In the context of current debates over free speech on campus and the privatization of the government’s student loan assets, here’s a piece – recently published at The Conversation, an excellent site co-sponsored by the University of Birmingham – which tries to set current events into historical and international perspective.
In the race to turn higher education into a market, we’re ignoring lessons from history
Universities around the world today face pressure to conform to economic rationality and contribute to national innovation. Though often presented as a revolution, driven by “globalisation” or other vague buzzwords, this is nothing new. Research and teaching have never been free from external constraints and public universities have long been expected to justify the resources society devotes to them.
But universities feel threatened and increasingly incapable of fulfilling their primary functions. The question at the centre of most current debates on university reform is to what extent universities themselves should determine the goals, values and norms of pedagogical and scientific practice. For politicians and the general public, academic freedom – even as a noble principle honoured mainly in the breach – is becoming meaningless.
Debates on the freedom of higher education are as old as the university. But today’s ideologically imposed constraints are very different from the financial dependence of public universities on the state after 1945. The current international trend towards semi-private, semi-public universities poses new challenges to academic freedom. This is exemplified by the dominance of market-based vocabulary and principles for scientific conduct.
And the adoption of corporate management models is leading to the authoritarian concentration of power within universities. Critical voices opposed to current reforms argue that intellectual autonomy is being sacrificed to an unworkable vision of financial autonomy for public universities.
From Humboldt on…
These debates are at the heart of a collection of articles on The Conversation. The pieces shed much needed historical light on the current restructuring of higher education and research – in Europe and beyond. They emerge from a recent major conference on higher learning and politics.
The cross-national historical comparisons presented here illustrate the peculiarities of the current reform culture. They also demonstrate the historical complexity of the relationship between university and society, and warn against national parochialism. When told there is no alternative, we should look abroad for ready proof to the contrary.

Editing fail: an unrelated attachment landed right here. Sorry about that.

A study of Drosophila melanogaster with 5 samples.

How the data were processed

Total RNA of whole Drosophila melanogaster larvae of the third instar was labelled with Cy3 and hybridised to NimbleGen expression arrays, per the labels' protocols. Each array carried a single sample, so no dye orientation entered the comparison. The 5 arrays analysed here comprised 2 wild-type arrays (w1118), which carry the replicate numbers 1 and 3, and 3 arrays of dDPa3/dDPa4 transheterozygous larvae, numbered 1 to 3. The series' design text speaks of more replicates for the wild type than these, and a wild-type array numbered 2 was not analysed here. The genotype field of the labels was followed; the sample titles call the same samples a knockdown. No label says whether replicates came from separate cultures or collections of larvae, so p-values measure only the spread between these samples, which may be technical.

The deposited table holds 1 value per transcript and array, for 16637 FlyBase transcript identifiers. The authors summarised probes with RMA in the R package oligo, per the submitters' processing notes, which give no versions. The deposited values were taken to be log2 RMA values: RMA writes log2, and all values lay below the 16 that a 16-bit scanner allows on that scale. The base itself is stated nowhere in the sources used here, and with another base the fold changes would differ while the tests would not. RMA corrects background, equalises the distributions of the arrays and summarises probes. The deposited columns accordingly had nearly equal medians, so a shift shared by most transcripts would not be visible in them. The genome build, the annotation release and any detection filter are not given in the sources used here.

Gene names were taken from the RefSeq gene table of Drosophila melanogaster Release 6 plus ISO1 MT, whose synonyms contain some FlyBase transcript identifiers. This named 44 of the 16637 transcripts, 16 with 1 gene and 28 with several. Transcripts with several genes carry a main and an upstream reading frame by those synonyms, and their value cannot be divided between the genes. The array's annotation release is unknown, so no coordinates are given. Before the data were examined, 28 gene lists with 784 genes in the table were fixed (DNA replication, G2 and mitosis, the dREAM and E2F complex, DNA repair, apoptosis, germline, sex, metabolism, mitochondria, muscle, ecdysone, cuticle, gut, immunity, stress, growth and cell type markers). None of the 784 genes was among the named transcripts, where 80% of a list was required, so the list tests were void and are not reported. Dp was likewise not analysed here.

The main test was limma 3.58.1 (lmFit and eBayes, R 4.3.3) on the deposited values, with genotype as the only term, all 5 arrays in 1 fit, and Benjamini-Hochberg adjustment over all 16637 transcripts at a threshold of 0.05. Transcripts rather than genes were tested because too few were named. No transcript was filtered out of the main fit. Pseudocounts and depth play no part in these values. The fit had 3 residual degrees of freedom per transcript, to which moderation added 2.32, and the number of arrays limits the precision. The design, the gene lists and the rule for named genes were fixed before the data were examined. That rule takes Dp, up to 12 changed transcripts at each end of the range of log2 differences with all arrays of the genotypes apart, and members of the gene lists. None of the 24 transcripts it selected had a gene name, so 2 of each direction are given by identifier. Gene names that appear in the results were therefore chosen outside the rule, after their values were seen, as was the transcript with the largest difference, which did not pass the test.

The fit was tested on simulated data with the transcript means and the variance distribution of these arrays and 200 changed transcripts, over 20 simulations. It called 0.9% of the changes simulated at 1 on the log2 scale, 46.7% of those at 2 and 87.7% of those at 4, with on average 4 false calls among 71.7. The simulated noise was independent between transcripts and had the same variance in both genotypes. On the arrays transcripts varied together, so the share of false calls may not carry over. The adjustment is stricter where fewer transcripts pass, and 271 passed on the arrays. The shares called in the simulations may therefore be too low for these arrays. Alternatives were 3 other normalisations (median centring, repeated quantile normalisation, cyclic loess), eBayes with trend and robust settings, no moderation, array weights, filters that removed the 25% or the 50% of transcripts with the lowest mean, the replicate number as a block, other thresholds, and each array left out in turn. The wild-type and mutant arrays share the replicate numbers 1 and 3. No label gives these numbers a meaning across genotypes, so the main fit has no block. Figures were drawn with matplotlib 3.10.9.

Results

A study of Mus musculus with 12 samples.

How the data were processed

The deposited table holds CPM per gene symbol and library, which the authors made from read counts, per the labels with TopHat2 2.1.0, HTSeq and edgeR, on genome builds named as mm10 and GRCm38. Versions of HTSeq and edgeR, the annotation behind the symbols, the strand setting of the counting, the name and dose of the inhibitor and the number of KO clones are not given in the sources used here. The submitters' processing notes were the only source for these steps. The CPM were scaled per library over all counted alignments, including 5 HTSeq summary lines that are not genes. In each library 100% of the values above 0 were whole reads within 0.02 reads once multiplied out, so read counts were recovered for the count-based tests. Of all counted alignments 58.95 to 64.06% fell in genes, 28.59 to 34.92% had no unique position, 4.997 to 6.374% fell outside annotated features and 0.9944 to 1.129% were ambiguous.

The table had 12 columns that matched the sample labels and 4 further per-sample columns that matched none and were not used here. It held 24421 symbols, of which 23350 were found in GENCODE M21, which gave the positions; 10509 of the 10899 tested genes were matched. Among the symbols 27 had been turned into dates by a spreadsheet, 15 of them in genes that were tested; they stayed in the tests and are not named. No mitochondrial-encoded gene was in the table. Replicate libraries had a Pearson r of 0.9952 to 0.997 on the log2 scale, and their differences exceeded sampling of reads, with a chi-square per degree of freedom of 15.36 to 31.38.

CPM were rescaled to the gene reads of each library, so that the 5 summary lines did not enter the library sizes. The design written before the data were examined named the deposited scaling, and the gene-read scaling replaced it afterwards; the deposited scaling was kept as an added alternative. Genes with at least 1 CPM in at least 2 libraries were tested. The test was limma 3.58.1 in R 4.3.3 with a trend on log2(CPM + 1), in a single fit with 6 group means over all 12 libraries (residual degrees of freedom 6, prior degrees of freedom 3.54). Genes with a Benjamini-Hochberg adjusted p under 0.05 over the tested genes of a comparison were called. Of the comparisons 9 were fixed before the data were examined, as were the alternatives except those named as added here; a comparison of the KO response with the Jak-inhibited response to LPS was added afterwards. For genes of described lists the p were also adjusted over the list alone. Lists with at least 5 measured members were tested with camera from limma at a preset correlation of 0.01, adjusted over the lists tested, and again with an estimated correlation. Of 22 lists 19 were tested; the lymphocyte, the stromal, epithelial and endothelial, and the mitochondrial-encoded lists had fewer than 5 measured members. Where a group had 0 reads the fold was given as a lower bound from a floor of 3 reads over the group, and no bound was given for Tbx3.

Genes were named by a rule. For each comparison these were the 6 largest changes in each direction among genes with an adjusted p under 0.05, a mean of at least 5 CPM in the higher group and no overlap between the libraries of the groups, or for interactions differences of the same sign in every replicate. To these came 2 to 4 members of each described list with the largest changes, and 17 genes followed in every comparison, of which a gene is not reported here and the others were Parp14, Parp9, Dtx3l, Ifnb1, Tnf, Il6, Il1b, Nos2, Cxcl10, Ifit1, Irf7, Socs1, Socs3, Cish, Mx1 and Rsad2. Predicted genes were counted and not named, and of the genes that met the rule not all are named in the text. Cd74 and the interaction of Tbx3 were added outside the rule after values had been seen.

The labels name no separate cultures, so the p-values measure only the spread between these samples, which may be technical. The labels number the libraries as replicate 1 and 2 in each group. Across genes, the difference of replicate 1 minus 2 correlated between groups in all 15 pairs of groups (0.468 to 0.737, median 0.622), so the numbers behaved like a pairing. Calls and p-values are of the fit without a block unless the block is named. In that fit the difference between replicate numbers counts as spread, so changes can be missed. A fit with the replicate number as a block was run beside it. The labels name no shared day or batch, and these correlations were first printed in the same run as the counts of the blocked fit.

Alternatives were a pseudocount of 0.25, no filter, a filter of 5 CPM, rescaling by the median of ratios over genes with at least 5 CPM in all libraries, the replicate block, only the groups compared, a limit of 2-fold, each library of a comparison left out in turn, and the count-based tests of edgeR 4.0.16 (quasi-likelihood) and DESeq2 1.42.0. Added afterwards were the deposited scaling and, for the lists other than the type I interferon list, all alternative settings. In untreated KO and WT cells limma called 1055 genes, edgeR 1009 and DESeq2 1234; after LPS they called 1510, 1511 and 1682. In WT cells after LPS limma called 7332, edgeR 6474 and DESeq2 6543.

Higher education, society, politics, and the market have had very different interconnections in different countries. As a result, despite the wide influence of marketisation ideology, there are real differences around the world reflected in public discussions on the future of the universities. We give a flavour of that variety here.
The public universities of contemporary Europe date from 1945, yet they are based on the early 19th century Humboldtian ideal of academic freedom, and on the value of faculty members who both teach and conduct research. Spreading round the world, this model gave rise to numerous local variations, including in the Anglo-American sphere, which in the 20th century overtook the German-French universities.
Local variations to similar problems
Today, the dominance of English-language universities is evident in many different regions of the world. Yet as the article on Japan in this series on will illustrate, the mix of internationally circulating university models and national traditions of higher education has produced very different results. Despite pressure to homogenise, the introduction of marketising principles of university management has provoked very different reactions around the world.
As Italian historian Andrea Mariuzzo shows, idealisation of elite American universities is nothing new in global higher education. But nor is misrepresentation of the US system in order to justify various national projects. Mariuzzo examines Harvard reformers’ efforts in 1945 to define the balance between general liberal education designed to produce citizens, and specialised instruction supposedly aimed at economic success.
Meanwhile, Japanese historian Shigeru Okayama describes how European models of higher education influenced the Japanese approach from its inception. But he also exposes the failures of the private university system there, and the growing divide between English and Japanese language teaching.
A collective of doctoral researchers at the European University Institute have also provided a view “from below”, explaining how the marketised university is experienced by those who represent its future.
Learning from our history
It is undeniable that some of the current challenges to higher education are specific to our times. But others have a long history, despite being widely seen as new. We often hear that the university is globalising. In fact the nation state remains a key player, and global academia remains primarily a space for international competition.
Within this space, all kinds of international honours contribute to national prestige, and individual scholars mobilise international recognition for national purposes. Distinguishing between which reforms are truly new and which are merely presented as such, and grasping the interplay between global trends and national situations will help us think about how to react in the face of today’s challenges.
This is the first in our series, Universities at the crossroads.